Motorola took something away, and should give it back… quickly. Normally, software updates are a good thing. Some on T-Mobile however, may not be so happy with this latest one.
After posting our last article on the LG Leon, a $69 smartphone with LTE Band 12, we started getting reports from Moto E owners. They followed up on our mentions that the XT1527 T-Mobile/unlocked version of the device had LTE Band 12, whereas other Moto E variants did not.
It turns out that last month’s Android 5.1 upgrade actually removed LTE Band 12 from the phone’s radio firmware – and they are claiming it was at the behest of T-Mobile USA itself.
The reason, Motorola argues, is that the Moto E does not support VoLTE, and T-Mobile is only allowing VoLTE-capable phones to use LTE Band 12. T-Mobile, according to Motorola, argues that if a phone had a strong LTE Band 12 signal – but no UMTS or GSM signal, that the phone would hold onto the strong LTE Band 12 signal and not be able to make a phone call.
This is actually not isolated to Band 12. This happens quite a bit on non-VoLTE phones today with other LTE bands – and on CDMA/LTE hybrid carriers like Verizon Wireless and Sprint. If the phone only has an LTE signal, it may not make or receive a voice call if that secondary signal is out of range.
It appears T-Mobile is really concerned that someone in a rural area might see five bars of LTE signal, and think that their phone is capable of making/receiving calls, when it in fact isn’t.
Really though this is a terrible solution to the problem. First, consumers that were fine with this scenario have no way to opt-out. The neutering of this feature isn’t even in the update’s release notes – something required by law when removing functionality from a device.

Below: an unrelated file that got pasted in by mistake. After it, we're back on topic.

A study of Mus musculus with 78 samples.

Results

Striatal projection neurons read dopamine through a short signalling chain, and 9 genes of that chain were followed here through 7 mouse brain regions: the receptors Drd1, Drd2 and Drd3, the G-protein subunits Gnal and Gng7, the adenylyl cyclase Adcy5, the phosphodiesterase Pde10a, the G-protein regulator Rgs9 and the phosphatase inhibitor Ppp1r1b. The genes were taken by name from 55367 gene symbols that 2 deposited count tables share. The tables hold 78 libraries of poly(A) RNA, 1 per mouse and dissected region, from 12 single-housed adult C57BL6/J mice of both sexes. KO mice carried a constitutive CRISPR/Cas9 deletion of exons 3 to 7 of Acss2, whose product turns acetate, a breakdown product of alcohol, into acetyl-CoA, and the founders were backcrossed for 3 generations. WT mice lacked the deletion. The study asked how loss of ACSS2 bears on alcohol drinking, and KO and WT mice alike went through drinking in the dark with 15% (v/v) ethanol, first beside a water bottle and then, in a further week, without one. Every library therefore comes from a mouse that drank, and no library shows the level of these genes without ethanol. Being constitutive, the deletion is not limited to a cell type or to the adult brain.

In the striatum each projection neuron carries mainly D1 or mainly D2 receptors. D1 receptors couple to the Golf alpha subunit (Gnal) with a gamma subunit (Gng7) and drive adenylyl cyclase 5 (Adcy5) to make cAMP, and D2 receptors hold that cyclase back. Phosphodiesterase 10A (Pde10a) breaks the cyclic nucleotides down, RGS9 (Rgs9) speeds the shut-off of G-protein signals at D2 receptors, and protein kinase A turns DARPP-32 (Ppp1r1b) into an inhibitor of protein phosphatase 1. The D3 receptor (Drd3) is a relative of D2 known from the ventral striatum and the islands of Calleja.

Worse, this could easily be resolved by adding VoLTE. The second-generation Moto E is a Qualcomm Snapdragon 400 smartphone – and could easily handle the T-Mobile VoLTE stack. It appears this was a marketing decision to position the Moto E as a lower-cost device, and try to push VoLTE-interested consumers into more expensive devices. Indeed, under normal circumstances, devices like the LG Leon are more expensive than the second-gen Moto E on T-Mobile.
Considering that this very scenario that T-Mobile describes, happens thousands of times per day on other carriers – it’s specious at best that this rule should apply to Band 12, a band that will ideally save customers who are thinking of jumping ship due to poor coverage. And tech-savvy users can make VoIP calls through Skype and other services.
The Bottom Line
At the end of the day, this is a lame carrier move by T-Mobile, and one that an exception for the Moto E can, and should, be made for. Forcing users to hack their phone into downgrading to Android 5.0.2, is not an acceptable solution.
Motorola should either add T-Mobile VoLTE to the second-gen Moto E, or restore Band 12 functionality. And T-Mobile should not object to Band 12 being enabled on any capable device… ever.
Both T-Mobile USA and Motorola Mobility were provided copies of this article as it went to press. If they choose to respond, we’ll share their response with you here.